By Paul Goble
Even though he expects to be arrested for his efforts, a Sufi adept of Ingush nationality living in Moscow has sent for posting on a Kremlin complaints page an article in which he says the recent sentences handed down against the Ingush Seven resemble those of “the times of Stalin’s repressions.”
This is noteworthy for at least three reasons:
First, Zyadin Yevloyev makes no effort at anonymity, showing that he is willing to suffer for protesting, an indication of how angry the Ingush and their supporters are about what the Kremlin-backed court has done to the Seven (fortanga.org/2021/12/urozhenecz-ingushetii-poluchil-otpisku-na-obrashhenie-k-putinu-s-prosboj-pomilovat-liderov-protesta/).
Second, the Ingush activist says he is a member of the Sufi Qadyria order, an indication that this trend in Islam is now involved in the opposition to what the Kremlin has been doing in Ingushetia and the Caucasus more generally. Given the Qadyria’s history of radicalism and self-sacrifice, that points to serious problems for the Russian authorities ahead.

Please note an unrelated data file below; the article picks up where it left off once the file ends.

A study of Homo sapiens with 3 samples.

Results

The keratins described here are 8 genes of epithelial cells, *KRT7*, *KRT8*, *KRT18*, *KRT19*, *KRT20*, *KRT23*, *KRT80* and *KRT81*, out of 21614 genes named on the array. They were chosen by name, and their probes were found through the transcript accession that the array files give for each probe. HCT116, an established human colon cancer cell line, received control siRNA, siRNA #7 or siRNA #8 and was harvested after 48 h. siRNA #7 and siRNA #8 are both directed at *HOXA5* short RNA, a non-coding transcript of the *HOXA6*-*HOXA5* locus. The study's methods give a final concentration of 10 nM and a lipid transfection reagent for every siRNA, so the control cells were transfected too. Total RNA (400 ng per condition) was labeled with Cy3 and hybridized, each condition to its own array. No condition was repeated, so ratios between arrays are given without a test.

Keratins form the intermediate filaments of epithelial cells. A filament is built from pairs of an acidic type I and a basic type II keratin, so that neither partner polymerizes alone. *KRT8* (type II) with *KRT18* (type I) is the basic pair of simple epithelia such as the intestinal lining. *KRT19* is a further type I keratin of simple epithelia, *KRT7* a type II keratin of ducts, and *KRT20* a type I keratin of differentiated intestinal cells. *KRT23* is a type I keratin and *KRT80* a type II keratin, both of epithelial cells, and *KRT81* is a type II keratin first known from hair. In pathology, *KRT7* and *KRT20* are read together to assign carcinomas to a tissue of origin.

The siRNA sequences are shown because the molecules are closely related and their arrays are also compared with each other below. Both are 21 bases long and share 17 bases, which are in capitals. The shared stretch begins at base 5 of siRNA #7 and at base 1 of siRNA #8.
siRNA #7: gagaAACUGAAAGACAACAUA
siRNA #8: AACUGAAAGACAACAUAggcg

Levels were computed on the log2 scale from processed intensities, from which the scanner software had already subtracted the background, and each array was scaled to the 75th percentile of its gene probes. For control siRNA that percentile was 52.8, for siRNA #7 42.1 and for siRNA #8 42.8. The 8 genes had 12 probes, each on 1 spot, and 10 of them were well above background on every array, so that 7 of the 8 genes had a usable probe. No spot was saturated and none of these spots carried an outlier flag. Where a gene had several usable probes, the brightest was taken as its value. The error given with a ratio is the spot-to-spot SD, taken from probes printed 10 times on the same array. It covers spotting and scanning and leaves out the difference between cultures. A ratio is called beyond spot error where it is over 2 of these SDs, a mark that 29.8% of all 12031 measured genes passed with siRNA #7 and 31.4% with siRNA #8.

And third, and this may be the most important sign, it indicates that Ingush dissent, which has always stayed within the law may now have been radicalized to the point by the decision in the Ingush Seven case that ever more Ingush are prepared to risk punishment by taking actions the Russian authorities will construe as illegal.
Meanwhile, ever more Russian human rights organizations are speaking out on behalf of the Ingush Seven (fortanga.org/2021/12/yurist-obvinenie-dokazalo-otsutstvie-sostavov-prestuplenij-v-dele-ingushskih-aktivistov/), and Memorial has appealed to the European Court for Human Rights against Moscow’s ban of the Council of Teips in Ingushetia (memohrc.org/ru/news_old/memorial-pri-likvidacii-soveta-teypov-v-ingushetii-vlasti-narushili-evropeyskuyu-konvenciyu).